TIP 2: TELL A TRUSTED ADULT. AN ADVOCATE'S PERSPECTIVE
DR. ELIZA BYARD: Any adult in a school environment can be that ally, be the person who is the place they turn to try to set the wheels in motion and improve the situation.
JULIE HERTZOG: I think it's important from early on to just start having this conversation with your child about, if they feel they've been hurt or harmed in some way, to have that dialogue with you as a parent from a very young age so that you're opening that door.
AKIL PATTERSON: There's no magic formula. That's the strange part. It's somebody that you're comfortable with, talking to, but at the same time you know that they're going to watch out for you.
JULIE HERTZOG: "Trusted adult." That's kind of a term that maybe we use as adults too. And kids need to know that a "trusted adult" can mean a sibling. It can mean somebody who's not even their teacher. It's somebody who they gravitate toward. Or who they feel listens to them. It's about, who do you feel comfortable talking to? Who do you feel that listens to you? Who do you feel understands you? And really, that's what we're looking for then we say "trusted adult."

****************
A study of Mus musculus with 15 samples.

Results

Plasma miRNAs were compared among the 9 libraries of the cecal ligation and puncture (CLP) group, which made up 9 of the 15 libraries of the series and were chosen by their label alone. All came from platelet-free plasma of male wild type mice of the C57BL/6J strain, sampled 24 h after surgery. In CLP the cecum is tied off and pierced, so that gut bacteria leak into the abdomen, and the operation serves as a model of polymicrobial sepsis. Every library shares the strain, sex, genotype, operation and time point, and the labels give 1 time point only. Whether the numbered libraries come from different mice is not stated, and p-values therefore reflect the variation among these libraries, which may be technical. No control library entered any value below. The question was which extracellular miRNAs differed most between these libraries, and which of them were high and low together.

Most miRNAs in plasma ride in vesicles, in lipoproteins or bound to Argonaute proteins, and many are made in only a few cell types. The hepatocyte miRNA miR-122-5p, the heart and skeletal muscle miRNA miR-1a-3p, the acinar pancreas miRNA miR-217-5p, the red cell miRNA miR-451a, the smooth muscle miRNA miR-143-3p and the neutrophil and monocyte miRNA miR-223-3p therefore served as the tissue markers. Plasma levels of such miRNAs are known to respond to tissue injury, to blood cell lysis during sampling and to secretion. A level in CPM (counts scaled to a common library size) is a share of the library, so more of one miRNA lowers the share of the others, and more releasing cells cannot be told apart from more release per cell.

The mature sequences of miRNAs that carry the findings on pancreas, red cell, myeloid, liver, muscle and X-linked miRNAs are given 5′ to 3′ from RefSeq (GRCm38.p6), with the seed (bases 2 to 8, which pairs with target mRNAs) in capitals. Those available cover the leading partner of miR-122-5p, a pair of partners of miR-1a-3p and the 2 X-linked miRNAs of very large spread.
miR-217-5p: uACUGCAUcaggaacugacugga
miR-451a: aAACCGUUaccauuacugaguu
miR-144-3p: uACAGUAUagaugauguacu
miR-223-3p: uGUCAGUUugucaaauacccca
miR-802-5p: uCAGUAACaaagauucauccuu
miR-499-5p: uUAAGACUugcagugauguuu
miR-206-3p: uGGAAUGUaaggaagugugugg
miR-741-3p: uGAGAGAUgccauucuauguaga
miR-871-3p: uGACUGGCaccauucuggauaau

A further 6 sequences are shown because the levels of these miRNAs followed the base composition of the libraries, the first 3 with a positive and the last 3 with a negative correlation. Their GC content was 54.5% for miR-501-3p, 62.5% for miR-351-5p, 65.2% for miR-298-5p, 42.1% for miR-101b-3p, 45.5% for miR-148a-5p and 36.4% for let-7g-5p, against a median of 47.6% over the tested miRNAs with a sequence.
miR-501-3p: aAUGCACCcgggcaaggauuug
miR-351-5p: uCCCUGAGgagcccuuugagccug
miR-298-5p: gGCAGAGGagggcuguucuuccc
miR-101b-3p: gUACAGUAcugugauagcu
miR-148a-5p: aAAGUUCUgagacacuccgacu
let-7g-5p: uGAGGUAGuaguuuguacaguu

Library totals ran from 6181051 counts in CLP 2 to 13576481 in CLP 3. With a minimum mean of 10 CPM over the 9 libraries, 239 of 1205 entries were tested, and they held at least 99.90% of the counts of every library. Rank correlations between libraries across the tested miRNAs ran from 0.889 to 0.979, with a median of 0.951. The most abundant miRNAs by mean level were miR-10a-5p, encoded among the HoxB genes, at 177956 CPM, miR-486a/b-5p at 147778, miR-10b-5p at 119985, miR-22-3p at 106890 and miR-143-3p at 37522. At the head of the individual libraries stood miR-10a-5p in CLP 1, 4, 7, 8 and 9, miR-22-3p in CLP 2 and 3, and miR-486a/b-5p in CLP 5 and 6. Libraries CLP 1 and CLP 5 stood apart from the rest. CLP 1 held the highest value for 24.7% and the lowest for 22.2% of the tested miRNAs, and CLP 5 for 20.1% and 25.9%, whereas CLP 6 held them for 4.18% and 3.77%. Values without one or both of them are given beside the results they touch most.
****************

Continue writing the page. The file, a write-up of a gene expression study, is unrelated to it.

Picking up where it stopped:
DR. ELIZA BYARD: I work with a lot of principals, school administrators, superintendents. One of the things that school leaders say often is that they don't have the information they need to solve the problem. And to really fix the whole school and the school environment. A lot of times people will defer to, "Well, kids will work it out themselves." Or "My classroom's safe," a teacher might think, "so I've done my job." The fact is, the whole school has to respond when the bullying dynamic among students is becoming an issue. In order for that to happen, students need to be communicating with the adults who are responsible for their well being. And adults need to be communicating to each other so that the whole school can monitor a situation and respond at all times.